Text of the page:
Pontianak, Indonesia’s City on the Equator lies on the banks of the Kapuas, the country’s longest and largest river, and one of the longest rivers in the world. The Kapuas River has its source at Gunung Lawit, deep in the Mueller mountain range in Central Borneo where it rushes down, meandering 1,143 kilometers west, passing 9 of West Kalimantan’s 14 districts, until it finally reaches the South China Sea, forming a wide delta upon which Pontianak is built.
It is no wonder, therefore, that the Kapuas River serves as the livelihood of the region, a major waterway to reach interior towns and its major water supply. Boats with a 3 meter draft can navigate upriver to the town of Sintang, some 465 km inland from the mouth Kapuas. This is the gateway to the interior home of the Dayaks, the native of Borneo. While boats with 2 meter draft can reach Putussibau, 902 km from Pontianak.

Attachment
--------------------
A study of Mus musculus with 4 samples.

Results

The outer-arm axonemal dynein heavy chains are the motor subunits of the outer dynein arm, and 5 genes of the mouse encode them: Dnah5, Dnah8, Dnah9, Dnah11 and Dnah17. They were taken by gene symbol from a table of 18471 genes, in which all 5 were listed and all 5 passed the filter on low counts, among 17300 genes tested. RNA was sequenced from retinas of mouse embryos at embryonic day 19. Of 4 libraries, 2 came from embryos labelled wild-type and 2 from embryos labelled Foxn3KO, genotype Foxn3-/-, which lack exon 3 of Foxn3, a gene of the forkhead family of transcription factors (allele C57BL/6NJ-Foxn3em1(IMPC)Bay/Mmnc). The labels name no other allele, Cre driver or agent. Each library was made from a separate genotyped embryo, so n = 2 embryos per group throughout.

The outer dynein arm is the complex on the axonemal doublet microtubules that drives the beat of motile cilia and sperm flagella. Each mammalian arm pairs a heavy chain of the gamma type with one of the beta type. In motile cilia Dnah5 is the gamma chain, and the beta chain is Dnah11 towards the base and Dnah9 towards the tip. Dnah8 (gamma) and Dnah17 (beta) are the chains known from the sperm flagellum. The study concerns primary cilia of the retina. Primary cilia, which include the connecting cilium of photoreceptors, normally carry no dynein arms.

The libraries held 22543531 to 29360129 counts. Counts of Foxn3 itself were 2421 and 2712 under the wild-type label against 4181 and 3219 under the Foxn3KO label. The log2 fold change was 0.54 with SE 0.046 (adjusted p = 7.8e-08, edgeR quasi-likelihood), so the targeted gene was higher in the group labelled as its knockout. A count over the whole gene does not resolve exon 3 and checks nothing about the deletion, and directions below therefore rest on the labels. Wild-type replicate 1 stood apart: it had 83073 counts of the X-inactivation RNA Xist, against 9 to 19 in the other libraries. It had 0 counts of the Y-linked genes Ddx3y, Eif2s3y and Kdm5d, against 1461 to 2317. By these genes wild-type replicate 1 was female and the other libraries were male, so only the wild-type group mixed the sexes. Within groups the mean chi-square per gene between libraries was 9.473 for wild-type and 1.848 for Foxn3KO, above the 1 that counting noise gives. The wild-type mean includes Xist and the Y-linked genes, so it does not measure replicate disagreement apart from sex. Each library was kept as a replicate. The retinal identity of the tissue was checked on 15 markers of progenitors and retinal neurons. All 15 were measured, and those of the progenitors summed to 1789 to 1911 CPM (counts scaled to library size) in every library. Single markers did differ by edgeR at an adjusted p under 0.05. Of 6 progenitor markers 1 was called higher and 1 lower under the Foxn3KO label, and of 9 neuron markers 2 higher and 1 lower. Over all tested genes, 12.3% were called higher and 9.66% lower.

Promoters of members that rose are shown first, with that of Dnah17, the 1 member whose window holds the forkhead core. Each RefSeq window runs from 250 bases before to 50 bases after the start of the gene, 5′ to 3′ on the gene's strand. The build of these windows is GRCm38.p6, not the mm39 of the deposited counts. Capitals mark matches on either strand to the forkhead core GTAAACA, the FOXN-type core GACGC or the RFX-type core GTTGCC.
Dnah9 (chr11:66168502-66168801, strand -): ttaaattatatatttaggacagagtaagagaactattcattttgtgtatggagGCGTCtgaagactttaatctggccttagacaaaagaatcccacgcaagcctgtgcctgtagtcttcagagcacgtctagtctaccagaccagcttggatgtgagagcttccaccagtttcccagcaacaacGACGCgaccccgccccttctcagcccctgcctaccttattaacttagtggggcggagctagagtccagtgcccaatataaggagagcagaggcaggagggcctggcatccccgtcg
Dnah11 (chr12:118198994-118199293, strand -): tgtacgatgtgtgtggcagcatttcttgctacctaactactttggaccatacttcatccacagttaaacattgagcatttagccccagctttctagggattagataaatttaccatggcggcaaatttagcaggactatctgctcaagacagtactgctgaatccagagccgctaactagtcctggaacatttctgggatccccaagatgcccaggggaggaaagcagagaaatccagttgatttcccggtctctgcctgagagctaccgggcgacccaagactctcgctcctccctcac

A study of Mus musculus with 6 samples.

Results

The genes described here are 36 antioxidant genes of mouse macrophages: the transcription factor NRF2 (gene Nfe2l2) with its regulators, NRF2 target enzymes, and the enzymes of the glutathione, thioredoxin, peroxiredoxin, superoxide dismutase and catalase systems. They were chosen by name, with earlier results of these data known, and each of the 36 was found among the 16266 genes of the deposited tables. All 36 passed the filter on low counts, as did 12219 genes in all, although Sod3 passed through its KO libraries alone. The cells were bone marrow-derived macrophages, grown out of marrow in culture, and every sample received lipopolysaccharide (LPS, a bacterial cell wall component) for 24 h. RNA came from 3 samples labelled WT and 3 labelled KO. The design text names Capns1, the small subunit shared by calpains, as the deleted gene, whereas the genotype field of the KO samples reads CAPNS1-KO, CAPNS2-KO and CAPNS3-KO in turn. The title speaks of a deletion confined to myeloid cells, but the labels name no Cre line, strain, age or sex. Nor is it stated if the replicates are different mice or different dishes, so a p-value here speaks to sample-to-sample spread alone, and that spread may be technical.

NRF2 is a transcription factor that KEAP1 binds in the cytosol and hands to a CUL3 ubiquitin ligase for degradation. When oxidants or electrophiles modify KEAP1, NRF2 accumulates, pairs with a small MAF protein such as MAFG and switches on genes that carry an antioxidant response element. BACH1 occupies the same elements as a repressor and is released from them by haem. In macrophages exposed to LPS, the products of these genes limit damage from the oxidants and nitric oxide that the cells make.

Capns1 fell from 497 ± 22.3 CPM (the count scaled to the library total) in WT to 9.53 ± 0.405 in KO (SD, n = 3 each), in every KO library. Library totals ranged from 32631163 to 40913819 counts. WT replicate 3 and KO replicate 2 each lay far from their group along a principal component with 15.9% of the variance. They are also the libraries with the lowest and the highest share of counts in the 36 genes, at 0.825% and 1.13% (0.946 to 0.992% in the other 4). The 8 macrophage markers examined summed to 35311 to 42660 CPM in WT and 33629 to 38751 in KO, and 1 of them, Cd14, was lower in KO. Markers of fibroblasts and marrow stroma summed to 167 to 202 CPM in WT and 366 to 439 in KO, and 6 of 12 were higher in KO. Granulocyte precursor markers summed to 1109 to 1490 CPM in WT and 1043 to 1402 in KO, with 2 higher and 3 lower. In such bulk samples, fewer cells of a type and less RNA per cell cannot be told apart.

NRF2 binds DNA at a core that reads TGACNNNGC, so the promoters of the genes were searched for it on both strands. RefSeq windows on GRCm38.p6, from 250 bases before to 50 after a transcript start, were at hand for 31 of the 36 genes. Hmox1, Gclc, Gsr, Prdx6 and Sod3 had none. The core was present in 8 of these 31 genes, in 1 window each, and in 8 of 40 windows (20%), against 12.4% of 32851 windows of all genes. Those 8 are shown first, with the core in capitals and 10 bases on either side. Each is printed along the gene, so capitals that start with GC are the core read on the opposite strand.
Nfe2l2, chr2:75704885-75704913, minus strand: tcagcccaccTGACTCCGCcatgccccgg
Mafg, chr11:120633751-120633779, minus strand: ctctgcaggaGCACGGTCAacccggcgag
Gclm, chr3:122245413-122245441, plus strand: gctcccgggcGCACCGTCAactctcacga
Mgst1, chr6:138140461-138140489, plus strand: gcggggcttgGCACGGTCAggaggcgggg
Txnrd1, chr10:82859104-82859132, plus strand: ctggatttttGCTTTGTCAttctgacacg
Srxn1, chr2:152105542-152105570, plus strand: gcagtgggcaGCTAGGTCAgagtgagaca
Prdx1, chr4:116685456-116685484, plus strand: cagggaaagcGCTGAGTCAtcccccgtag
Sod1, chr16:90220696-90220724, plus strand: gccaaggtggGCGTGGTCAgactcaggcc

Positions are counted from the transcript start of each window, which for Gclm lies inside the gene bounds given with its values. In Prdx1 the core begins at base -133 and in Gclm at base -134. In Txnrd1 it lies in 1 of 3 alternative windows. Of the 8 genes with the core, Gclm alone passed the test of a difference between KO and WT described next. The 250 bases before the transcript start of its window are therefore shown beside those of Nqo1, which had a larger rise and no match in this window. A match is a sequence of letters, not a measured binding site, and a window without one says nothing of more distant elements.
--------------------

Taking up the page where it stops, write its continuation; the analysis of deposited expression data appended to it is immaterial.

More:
Pontianak has about 500,000 inhabitants, with one of its characteristics being the high proportion of ethnic Chinese who live in the city — and in most of the towns along the coast of West Kalimantan heading north.
Consequently, Pontianak blends the influence of three ethnic groups to give the city its cultu ral quality: the ethnic Chinese, who make up about 40 percent, together with the Dayak from the tropical hinterland, and the ethnic Malay community.
Pontianak’s most well-known claim to fame is that it is situated right smack bang on the equator, a geographic fact that was celebrated by the Dutch in 1928 in the form of a strange gyroscopic-looking monument. The khatulistiwa (equator) monument is situated across the Kapuas River from the main town, on the edge of Pontianak.
The original, rather modest Dutch monument is now enclosed in a large concrete dome, constructed in 1991, with a huge replica of the original contained inside now built on top.